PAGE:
At least 15 people were shot, two fatally, after gunfire broke out at a Park Manor business where a party was being held early Sunday, according to the Chicago Fire Department.
A fight broke out between several people attending the party about 4:40 a.m. in the 6700 block of South South Chicago Avenue when gunfire erupted, Chicago police said. Fifteen people were struck, ranging in age from 20 to 44 years old.
Two people were pronounced dead, Fire Department spokesman Larry Merritt said.
They were identified as Rayneesha Dotson, 30, and Lionel Darling, 39, according to the Cook County medical examiner’s office. Both were pronounced dead at the scene at 4:55 a.m.
Two people were critically wounded in the shooting, and three more were in serious condition, police said. The rest of the wounded victims were listed in good condition.
Police spokesman Tom Ahern said investigators are still trying to determine whether there were multiple shooters or whether gunfire was exchanged.
The shooting happened at the South Side Think Tank, 6798 S. South Chicago Ave., where stray shoes could be seen strewn along the sidewalk amid what appeared to be a pool of blood. Officers placed at least 10 evidence markers outside the building, but most investigators appeared to be examining the inside of the business.
During a Sunday morning news conference near the scene of the shooting, Chicago Police Supt. David Brown said four guns were recovered, but no one has been taken into custody. He noted that investigators are now “following up on several different leads” that haven’t been confirmed.
“Detectives are continuing to do their preliminary investigation and their interviews, but several of the witnesses who were wounded are still in surgery and have yet to be interviewed,” Brown said. “So more to come as far as any kind of motive or any kind of additional evidence.”
Brown said the site of the mass shooting is a garage that houses a towing company and doubles as an event space for parties.
“There’s actually a bar set up inside, so at one point it may have been an old lounge that is obviously converted just for the pop-up party,” Brown said. “We don’t know what the celebration associated with this party was.”
Brown promised city officials would conduct a “deep dive” into the property’s history and determine whether the owner has been cited for previous violations.
South Side Think Tank isn’t currently registered with the Illinois secretary of state’s office, though the company holds a business license with the city of Chicago. The company’s focus is business and management consulting, according to the Chicago Department of Business Affairs and Consumer Protection.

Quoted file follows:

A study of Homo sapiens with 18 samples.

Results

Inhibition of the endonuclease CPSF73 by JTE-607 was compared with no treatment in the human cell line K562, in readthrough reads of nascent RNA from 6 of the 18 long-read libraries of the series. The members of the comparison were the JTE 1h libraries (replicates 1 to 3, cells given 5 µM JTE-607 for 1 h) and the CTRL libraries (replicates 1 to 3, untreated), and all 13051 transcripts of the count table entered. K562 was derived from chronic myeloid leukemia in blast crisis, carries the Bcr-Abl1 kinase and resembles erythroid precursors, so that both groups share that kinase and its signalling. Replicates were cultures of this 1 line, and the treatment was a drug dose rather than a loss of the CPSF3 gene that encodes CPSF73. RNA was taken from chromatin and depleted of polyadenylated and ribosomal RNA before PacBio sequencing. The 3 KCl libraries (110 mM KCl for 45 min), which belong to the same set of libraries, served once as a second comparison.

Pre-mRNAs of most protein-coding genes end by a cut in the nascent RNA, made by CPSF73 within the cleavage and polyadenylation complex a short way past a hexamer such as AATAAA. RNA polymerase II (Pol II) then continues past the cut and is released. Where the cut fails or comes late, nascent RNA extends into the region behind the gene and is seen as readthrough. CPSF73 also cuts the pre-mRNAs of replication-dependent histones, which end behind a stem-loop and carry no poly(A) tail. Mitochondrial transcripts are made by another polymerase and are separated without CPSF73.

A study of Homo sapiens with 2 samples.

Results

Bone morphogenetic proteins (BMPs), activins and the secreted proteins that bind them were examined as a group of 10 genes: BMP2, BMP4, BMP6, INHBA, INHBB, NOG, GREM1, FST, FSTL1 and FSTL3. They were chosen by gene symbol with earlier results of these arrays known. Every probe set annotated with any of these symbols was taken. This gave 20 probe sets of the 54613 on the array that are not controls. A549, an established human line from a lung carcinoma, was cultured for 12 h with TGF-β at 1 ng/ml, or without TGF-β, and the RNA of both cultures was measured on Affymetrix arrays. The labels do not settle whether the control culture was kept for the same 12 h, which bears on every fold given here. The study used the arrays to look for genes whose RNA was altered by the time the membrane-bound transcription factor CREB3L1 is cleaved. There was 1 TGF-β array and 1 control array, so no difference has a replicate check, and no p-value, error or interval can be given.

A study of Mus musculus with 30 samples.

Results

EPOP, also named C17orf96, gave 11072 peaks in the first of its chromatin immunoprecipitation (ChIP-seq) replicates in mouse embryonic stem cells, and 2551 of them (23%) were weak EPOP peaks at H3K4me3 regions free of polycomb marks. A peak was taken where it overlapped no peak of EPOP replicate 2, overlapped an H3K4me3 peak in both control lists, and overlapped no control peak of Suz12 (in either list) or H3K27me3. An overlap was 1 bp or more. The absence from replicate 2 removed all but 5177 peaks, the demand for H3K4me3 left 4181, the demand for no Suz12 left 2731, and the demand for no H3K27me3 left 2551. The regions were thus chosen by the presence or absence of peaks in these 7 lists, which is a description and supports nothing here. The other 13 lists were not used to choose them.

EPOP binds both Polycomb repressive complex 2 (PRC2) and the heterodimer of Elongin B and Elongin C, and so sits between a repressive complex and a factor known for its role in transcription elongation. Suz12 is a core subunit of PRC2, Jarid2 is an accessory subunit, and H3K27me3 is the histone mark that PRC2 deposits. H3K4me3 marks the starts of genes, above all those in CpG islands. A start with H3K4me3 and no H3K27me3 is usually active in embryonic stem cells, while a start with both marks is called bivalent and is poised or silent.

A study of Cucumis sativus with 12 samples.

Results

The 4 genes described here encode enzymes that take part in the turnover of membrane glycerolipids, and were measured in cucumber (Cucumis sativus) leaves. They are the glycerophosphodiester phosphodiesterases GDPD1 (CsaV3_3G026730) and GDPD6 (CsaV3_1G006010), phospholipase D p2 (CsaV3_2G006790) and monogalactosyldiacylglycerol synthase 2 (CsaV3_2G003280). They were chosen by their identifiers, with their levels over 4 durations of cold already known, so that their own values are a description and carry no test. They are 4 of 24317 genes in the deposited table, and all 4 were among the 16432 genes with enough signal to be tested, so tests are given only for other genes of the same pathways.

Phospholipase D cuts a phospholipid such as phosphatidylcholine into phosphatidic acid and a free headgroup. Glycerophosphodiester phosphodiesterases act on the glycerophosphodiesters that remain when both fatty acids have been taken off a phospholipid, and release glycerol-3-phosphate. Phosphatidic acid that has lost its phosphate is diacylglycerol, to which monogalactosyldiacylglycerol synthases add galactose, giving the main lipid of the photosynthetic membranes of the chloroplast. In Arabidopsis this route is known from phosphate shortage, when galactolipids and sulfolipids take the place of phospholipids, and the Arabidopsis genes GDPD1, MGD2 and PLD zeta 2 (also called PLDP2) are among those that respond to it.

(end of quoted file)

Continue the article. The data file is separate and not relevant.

Jerome Riley is the only name listed in the company’s city records. He’s also listed in state records as the registered manager of Taboo Lounge LLC, which shared the same address as South Side Think Tank and was involuntarily dissolved last February.
A phone number for South Side Think Tank has been disconnected, and Riley couldn’t immediately be reached for comment. The deed for the building is held by Stonedry LLC, which is located at 2035 W. Giddings St., according to records kept by the Cook County clerk’s office.
In a late morning tweet, Mayor Lori Lightfoot offered prayers to those killed and injured in “the outrageous shooting attack that occurred in Park Manor.”
“It is tragic that the warmth of a spring day, at a time we all crave the company of family and friends, resulted in shooting and death,” Lightfoot tweeted. “There is simply no place for this in Chicago, and I implore those who committed these murders to look into themselves and do the right thing by turning themselves in and answering for their crimes.”
Later Sunday, community activist and former mayoral candidate Ja’Mal Green held a news conference outside South Side Think Tank, criticizing the city’s police spending and urging leaders to instead prioritize mental health treatment and conflict resolution to address violence.
Green noted that he and his team spoke to “folks who were at the party” and some family members, saying the shooting was sparked by a “petty” dispute that escalated into an “exchange of gunfire between a few different people.”
“If you know any of the people that were shooting in this party last night, please speak up because we have to get them off of the streets,” said Green, who tied the shooting to what he views as a pervasive mental health crisis plaguing the city.
“Obviously we know there are real issues going on in peoples’ heads that we’ve got to start to tackle,” he added. “Because if they think that that’s the way to solve issues, then we’re going to have a real bloody summer.”
The shooting was one of the most violent in recent Chicago memory, in terms of the number of people hurt. Last July, 15 people were shot outside a Gresham funeral home, but none of the victims died.
In 2013, a mass shooting wounded 13 people, including a 3-year-old boy, in Cornell Park near 51st and Wood in Back of the Yards.
Last December, six people were hurt after gunfire broke out at an overnight party in a South Side salon in the Burnside neighborhood.
So far this year, officers have responded to 393 shooting incidents across the city through March 7, according to police statistics. That’s a 31% increase over the same period last year, which saw 301 shooting incidents.